In debates involving health care, you often hear it referred to as one of the biggest businesses in America, and Census Bureau figures bear that out for the Kansas City area.
The Economic Census the bureau conducts every five years has one big category for health care and social assistance “establishments” — everything from doctors’ and therapists’ offices to nursing homes and day care services.
In the five-county metro area — Johnson, Wyandotte, Jackson, Clay and Platte — that megacategory embraces:
▪ 4,853 establishments, including nearly 1,000 doctors’ offices, 800 dental practices, 38 hospitals, 100 medical and diagnostic labs, eight blood and organ banks, 335 nursing and residential care homes (not including retirement homes with assisted living) and 435 child day care locations.
▪ Nearly 122,000 paid employees and annual payrolls topping $5.6 billion.
Big business. And like other businesses The Star has looked at in the retail, financial and restaurant and hotel sectors, affluent Johnson County has a hefty share of medical offices, clinics and day care centers, and lower-income Wyandotte County does not.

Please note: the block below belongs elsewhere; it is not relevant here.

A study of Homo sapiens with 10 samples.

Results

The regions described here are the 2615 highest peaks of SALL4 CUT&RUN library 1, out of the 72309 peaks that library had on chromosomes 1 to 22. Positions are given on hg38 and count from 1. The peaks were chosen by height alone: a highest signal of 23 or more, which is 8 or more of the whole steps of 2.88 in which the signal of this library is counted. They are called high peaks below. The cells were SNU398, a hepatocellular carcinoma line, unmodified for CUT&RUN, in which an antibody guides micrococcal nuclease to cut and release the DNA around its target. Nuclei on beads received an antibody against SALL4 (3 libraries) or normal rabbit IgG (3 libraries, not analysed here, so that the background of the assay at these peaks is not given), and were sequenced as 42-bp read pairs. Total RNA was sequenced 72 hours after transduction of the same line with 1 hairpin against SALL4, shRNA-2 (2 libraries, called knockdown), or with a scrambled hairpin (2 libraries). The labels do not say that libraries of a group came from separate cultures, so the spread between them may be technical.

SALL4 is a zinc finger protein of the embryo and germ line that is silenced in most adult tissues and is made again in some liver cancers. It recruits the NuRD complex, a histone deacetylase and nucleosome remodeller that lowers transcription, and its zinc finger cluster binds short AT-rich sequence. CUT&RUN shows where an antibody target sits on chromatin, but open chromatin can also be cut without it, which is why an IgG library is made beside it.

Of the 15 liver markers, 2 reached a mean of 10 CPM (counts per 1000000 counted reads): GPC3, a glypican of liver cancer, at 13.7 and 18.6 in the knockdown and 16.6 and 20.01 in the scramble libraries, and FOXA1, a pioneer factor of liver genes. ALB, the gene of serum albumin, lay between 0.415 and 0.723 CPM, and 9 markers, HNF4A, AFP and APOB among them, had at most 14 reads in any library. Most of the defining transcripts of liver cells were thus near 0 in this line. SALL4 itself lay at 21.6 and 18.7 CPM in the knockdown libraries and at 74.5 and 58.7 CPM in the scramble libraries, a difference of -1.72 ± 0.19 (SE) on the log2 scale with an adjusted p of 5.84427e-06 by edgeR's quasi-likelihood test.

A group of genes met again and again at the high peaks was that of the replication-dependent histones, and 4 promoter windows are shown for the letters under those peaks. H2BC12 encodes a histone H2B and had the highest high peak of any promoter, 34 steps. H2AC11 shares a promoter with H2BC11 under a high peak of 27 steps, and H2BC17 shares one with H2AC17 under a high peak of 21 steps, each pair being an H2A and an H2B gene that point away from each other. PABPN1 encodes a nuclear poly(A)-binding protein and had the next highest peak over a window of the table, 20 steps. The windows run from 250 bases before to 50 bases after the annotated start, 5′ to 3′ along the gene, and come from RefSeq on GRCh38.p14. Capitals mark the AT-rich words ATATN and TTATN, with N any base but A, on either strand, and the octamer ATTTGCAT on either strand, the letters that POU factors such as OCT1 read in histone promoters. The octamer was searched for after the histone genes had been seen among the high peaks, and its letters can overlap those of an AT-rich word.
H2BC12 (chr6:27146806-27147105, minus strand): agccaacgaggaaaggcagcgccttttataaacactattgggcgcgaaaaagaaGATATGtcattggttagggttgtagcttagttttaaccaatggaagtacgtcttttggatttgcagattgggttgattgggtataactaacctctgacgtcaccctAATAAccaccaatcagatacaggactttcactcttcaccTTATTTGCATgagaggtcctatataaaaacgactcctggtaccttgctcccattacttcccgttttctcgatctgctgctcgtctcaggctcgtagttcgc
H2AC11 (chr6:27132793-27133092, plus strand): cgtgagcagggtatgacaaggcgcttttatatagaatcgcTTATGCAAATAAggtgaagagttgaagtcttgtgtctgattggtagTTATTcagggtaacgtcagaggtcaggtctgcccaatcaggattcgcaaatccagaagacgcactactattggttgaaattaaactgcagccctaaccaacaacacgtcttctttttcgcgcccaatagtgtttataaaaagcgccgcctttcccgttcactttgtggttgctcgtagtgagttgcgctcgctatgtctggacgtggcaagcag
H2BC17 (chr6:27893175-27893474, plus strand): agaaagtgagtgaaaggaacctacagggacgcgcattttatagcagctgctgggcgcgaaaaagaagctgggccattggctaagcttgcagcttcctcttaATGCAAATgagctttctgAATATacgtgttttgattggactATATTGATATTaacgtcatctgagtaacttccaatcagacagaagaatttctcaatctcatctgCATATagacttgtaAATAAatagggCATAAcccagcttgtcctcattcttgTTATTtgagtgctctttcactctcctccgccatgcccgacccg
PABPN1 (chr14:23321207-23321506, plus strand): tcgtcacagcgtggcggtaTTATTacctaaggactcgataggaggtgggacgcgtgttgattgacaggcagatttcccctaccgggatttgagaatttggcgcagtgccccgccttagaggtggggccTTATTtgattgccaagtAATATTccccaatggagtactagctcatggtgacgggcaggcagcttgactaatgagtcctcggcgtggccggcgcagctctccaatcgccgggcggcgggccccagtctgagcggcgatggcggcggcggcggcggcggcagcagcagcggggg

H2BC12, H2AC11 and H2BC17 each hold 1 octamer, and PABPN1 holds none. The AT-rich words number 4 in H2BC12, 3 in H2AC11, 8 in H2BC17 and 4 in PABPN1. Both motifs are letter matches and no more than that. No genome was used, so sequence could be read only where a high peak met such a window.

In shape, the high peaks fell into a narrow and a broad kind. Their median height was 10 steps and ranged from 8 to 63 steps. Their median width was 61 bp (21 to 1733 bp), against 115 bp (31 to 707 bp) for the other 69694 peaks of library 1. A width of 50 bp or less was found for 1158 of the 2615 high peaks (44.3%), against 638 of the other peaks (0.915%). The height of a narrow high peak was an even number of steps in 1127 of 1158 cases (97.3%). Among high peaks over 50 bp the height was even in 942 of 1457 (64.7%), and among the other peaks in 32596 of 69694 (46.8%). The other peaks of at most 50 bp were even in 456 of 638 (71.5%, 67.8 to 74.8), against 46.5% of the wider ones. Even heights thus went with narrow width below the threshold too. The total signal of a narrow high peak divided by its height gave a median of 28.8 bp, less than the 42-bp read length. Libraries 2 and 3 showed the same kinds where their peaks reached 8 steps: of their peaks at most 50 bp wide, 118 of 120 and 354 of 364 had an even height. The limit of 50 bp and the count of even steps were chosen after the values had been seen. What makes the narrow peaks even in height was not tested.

On the Missouri side, Jackson County reigns, even after adjusting for population, in part because of its clusters of long-established medical centers and practices. For example, Jackson County has 20 of the five counties’ 36 total kidney dialysis centers; 90 of its 173 home health care services; and 18 of its 38 hospitals.
But the numbers also point out some of the differences between health care and other sectors, such as the big role government can play, and the influence a few big institutions can have. Wyandotte County, because of its low population and the presence of the University of Kansas Medical Center and KU Hospital, fares well in the number of health care and social assistance jobs per 1,000 residents, and in the average payroll those jobs generate.